For Immediate Release:
January 9, 2017
Sessions Supports Escalating the War on Drugs, Could Undermine State Marijuana Laws Including 15 States Represented by Members of the Judiciary Committee
Drug Policy Alliance: Senate Should Reject Nightmare Sessions
In a statement sent to Senate offices today the Drug Policy Alliance urged the Senate Judiciary Committee to reject Jeff Sessions for Attorney General. The committee is holding confirmation hearings on Sessions on Tuesday and Wednesday. Sessions favors hardline drug law enforcement approaches over emphasizing treatment and rehabilitation. He will likely escalate the failed war on drugs, and could interfere in states that have reformed their marijuana laws (including 15 states represented by Judiciary Committee members).
“Jeff Sessions is a nightmare,” said Bill Piper, senior director of national affairs for the Drug Policy Alliance. “He is a threat to progress, especially marijuana reform, sentencing reform, and asset forfeiture reform.”
In recent years, 28 states have legalized marijuana for medical use (including nine states represented by members of the Judiciary Committee). An additional 16 states, including six states represented by members of the Judiciary Committee, have legalized CBD oils, a non-psychotropic component of marijuana that has shown effectiveness in managing epileptic seizures that afflict children. Additionally, people who use marijuana in Louisiana with a doctor’s recommendation are protected from arrest. Eight states have voted to legalize, tax, and regulate marijuana like alcohol, including California (the home state of Ranking Member Dianne Feinstein).
Jeff Sessions has said “good people don’t smoke marijuana”, disparaging the tens of millions of Americans who have used marijuana, including the last three presidents. He has criticized the Justice Department’s guidance respecting state marijuana laws, and even opposes marijuana for medical use. If confirmed as Attorney General Sessions could increase marijuana arrests and prosecutions, threaten state officials, and undermine the ability of local agencies to regulate marijuana. In a recent article in the Hill, former Department of Justice officials and Session allies said states that voted to legalize marijuana “may be in for a reckoning.”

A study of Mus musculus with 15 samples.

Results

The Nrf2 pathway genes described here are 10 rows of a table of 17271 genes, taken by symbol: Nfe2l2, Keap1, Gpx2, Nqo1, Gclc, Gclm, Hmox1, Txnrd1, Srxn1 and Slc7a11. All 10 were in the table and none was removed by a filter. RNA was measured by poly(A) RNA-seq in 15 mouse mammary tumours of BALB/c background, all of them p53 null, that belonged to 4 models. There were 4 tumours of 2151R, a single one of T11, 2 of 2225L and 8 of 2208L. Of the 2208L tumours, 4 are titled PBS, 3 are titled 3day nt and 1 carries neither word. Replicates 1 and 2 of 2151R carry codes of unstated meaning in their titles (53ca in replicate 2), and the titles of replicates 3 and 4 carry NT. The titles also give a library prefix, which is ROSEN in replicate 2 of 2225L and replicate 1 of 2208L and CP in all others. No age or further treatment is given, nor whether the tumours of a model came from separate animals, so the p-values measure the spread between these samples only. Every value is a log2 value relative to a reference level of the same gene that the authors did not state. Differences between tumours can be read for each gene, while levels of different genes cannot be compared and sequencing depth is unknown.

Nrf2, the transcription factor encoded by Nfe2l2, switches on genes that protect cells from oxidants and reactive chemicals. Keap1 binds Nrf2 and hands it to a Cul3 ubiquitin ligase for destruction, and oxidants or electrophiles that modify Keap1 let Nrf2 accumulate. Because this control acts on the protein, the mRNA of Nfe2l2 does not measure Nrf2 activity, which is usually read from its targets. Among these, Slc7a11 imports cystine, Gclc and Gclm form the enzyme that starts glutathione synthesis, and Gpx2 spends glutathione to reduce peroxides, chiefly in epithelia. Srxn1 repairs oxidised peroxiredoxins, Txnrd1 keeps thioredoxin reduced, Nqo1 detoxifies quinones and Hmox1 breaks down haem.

Sessions was the chief opponent of 2016 bipartisan efforts to reduce sentences for drug offenses, voting against the bill in committee. Sessions has also been critical of the Obama Justice Department’s guidelines around sentencing that were designed to limit harsh sentencing and reserve mandatory minimums for major offenders. He opposes “any” reform of civil asset forfeiture, a process that allows government agencies to seize money and property without having to charge anyone with a crime.
Last week the Drug Policy Alliance launched a digital campaign to put the brakes on Alabama Republican Senator Jeff Sessions’ nomination for Attorney General. The Drug Policy Alliance campaign includes a new video launched on The Root that exposes Jeff Sessions’ appalling record on drug policy, civil and human rights, and criminal justice reform.
The Drug Policy Alliance video, created by award-winning filmmaker dream hampton, alternates between archival media footage of Jeff Sessions’ troubling racist words and actions, and DPA staff and allies talking about what Sessions would mean for drug policy and criminal justice. The video ends with a call to action asking people to call their Senators to reject Session for Attorney General.
Last month, the Drug Policy Alliance organized a teleconference for reporters to discuss Sessions’ record on civil and human rights, criminal justice reform, and drug policy. Representatives from LatinoJustice, NAACP Legal Defense Fund, the Council on American Islamic Relations, Cato Institute, the Samuel DeWitt Proctor Conference and the Drug Policy Alliance expressed their concerns about Sessions.
The Drug Policy Alliance is flooding Senate offices with phone calls and emails this week, urging senators to reject Sessions.
“Sessions is out of touch with the American people, and most members of Congress, who want sensible drug policy reform,” Piper said. “The Senate should reject him, so President-elect Trump can nominate someone who will support – not oppose – criminal justice reform.”